There is no sport gaining more popularity faster than mixed martial arts.

The sport of take-downs and knock-outs has left NASCAR, poker and every other newcomer to the popular sports scene behind, gracing the cover of every major sports magazine and beaming onto televisions around the world.

TV sets that receive Showtime will be seeing such an event today, as the pay-cable network airs the Elite Extreme Combat’s Dynamite live from the L.A. Coliseum. The event will kick off on Showtime at 9 p.m. before switching to pay-per-view at 10 p.m. for more of the fight card.

With the sport just coming out of the mat as far as the mainstream is concerned, there aren’t many familiar names yet. Today’s pay-per-view card features one better known fighter, former WWE wrestler Brock Lesnar, headlining against Hong Man Choi.

But another name may appear familiar to Lowndes’ residents, as he is one of their own.

After growing up and attending school in Valdosta, John Wiezorek is one of the freakishly muscled and dangerously powerful fighters of the mixed martial arts world.

Wiezorek is making the first of two Showtime appearances, starting on tonight’s 9 p.m. broadcast as he faces Tim Persey. The fight initially pitted Wiezorek against Antonio Silva, but Silva did not pass a required physical.

Persey also brings a wrestling background to the fight, which should make for an exciting bout.

“He’s a big guy that throws a lot of punches,” Wiezorek said. “He doesn’t want it to go to the ground. That’s the game plan. If I get him down, I think I can beat him there.”

Wiezorek’s confidence comes from years spent on the wrestling mat while at Lowndes.

After he graduated from high school in 1997, Wiezorek became the community wrestling coach at Lowndes. While working with the Vikings’ coaches, Larry and Jerry Stanbrough he was turned on to jujitsu.

“They started doing jujitsu and told me I should try it, that it was pretty awesome,” Wiezorek said.

The former Lowndes grappler studied jujitsu at the Valdosta Martial Arts Center owned by James Corbett.

Along with running his center, Corbett also was training and managing talent for mixed martial arts.

In 2000, Corbett convinced a reluctant Wiezorek to enter the combat world of mixed martial arts.

“He asked me if I wanted to fight,” Wiezorek said. “I told him it wasn’t me, that I didn’t see myself as a fighter.”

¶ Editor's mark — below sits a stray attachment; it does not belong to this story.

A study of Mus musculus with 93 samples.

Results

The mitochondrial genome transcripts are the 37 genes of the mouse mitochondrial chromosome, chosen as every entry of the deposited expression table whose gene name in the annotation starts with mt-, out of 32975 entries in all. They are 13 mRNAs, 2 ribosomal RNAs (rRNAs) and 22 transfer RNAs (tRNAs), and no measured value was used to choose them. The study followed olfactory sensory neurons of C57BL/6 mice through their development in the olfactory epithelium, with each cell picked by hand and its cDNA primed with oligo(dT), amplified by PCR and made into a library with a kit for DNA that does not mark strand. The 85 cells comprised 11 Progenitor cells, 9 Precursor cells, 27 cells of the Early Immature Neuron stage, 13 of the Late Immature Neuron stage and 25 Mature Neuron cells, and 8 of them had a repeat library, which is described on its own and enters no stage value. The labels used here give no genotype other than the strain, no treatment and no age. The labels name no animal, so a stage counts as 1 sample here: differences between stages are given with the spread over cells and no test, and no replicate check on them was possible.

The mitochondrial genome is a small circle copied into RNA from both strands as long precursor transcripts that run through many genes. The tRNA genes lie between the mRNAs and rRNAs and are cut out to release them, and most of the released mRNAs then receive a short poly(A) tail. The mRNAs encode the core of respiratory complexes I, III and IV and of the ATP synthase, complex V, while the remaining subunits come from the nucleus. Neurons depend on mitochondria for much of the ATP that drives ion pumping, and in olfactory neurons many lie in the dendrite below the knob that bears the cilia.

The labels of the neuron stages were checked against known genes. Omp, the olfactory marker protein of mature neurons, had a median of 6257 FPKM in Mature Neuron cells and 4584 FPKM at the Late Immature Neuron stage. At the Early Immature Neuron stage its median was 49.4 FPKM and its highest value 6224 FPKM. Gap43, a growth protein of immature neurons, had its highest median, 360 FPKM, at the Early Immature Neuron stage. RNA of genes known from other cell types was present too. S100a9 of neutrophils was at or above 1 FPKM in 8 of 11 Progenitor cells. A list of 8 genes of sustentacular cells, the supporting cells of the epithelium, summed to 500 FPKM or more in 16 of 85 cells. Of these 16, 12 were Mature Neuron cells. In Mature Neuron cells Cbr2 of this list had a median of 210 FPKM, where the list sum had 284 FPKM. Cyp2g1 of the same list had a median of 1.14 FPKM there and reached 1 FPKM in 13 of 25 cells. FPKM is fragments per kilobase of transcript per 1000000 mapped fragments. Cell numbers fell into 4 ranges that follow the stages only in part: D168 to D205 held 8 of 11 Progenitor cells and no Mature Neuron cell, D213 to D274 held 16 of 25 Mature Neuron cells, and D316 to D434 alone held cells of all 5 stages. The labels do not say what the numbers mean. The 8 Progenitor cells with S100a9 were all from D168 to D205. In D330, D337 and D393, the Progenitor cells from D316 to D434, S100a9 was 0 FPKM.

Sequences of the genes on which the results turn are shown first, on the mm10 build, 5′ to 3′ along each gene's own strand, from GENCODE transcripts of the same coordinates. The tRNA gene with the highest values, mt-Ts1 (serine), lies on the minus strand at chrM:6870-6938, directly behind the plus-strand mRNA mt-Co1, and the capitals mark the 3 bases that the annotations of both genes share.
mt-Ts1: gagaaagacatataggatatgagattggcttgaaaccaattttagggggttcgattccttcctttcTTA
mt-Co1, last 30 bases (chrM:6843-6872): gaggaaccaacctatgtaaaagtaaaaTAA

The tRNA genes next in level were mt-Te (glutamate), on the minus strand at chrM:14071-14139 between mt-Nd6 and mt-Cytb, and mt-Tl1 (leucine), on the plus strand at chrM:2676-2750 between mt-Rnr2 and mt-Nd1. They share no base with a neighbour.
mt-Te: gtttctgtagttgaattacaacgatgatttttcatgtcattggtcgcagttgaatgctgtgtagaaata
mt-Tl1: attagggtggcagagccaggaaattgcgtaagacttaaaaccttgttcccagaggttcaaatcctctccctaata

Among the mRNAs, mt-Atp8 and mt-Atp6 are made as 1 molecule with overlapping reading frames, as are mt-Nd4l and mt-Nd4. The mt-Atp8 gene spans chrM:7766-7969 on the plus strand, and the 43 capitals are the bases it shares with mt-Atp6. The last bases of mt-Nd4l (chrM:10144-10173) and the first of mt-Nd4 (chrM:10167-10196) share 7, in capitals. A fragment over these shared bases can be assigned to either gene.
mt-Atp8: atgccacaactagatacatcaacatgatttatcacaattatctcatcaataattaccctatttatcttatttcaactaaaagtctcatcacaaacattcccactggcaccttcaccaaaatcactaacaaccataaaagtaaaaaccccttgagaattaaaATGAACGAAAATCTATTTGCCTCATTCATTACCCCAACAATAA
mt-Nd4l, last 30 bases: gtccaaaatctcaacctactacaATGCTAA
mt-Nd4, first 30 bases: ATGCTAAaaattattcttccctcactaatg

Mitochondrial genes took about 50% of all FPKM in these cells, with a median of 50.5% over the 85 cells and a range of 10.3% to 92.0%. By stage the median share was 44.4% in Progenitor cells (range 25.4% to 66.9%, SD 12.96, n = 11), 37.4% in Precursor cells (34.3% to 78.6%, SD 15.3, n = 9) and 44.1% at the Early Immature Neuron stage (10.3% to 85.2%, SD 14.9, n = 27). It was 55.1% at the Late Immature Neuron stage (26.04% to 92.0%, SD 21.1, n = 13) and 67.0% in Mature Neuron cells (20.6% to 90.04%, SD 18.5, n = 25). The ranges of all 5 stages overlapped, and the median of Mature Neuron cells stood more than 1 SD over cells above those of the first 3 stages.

Corbett compared MMA to wrestling, and Wiezorek eventually gave it a chance.

The thrill of preparing for a bout and competing against another and himself drove Wiezorek, who stuck with it because of his drive to win.

His first fight was in Valdosta, where he won the International Sport Combat Federation title.

From there his career went to bigger heights, fighting in more prestigious events.

Wiezorek fought in the Ultimate Fighting Championship’s UFC 47 in Las Vegas, and MFC events in Atlantic City and West Virginia.

Currently Wiezorek is ranked in the Top 6 for win-to-loss ratio in the world’s heavyweight division. His biggest payday comes from the two-fight deal with Showtime, but Wiezorek doesn’t rely on fighting for his sole income.

He graduated from VSU with a degree in athletic training and was a graduate assistant in Chattanooga, Tenn.

Following his graduation from Chattanooga, he relocated with his wife and 4-month-old baby boy to Springfield, Ill.

Wiezorek plans to continue a career in athletic training while using MMA as a hobby.

The athletic training background applies itself well to Wiezorek’s hobby, as he is able to identify and repair the plethora of cuts, bruises and contusions that come with fighting.

“It makes training for me a little easier. If I get nicks and bruises, I already know how to fix it.”

The athletes he tends to on campus all know about his MMA career and like most young males, find it cool.

“They like it,” Wiezorek said. “They kid around a lot, and they support me. I guess they think it’s fun to know somebody who does that stuff.”

Wiezorek will continue to battle it out in the ring, as long as he remains on top of the sport. His career as a mixed martial artist started because he was winning, and will continue while it’s winning, putting him on Showtime, in the UFC’s Octagon and several other events in the sport that is seemingly taken over America.

“It’s taken me through a pretty good journey,” Wiezorek said.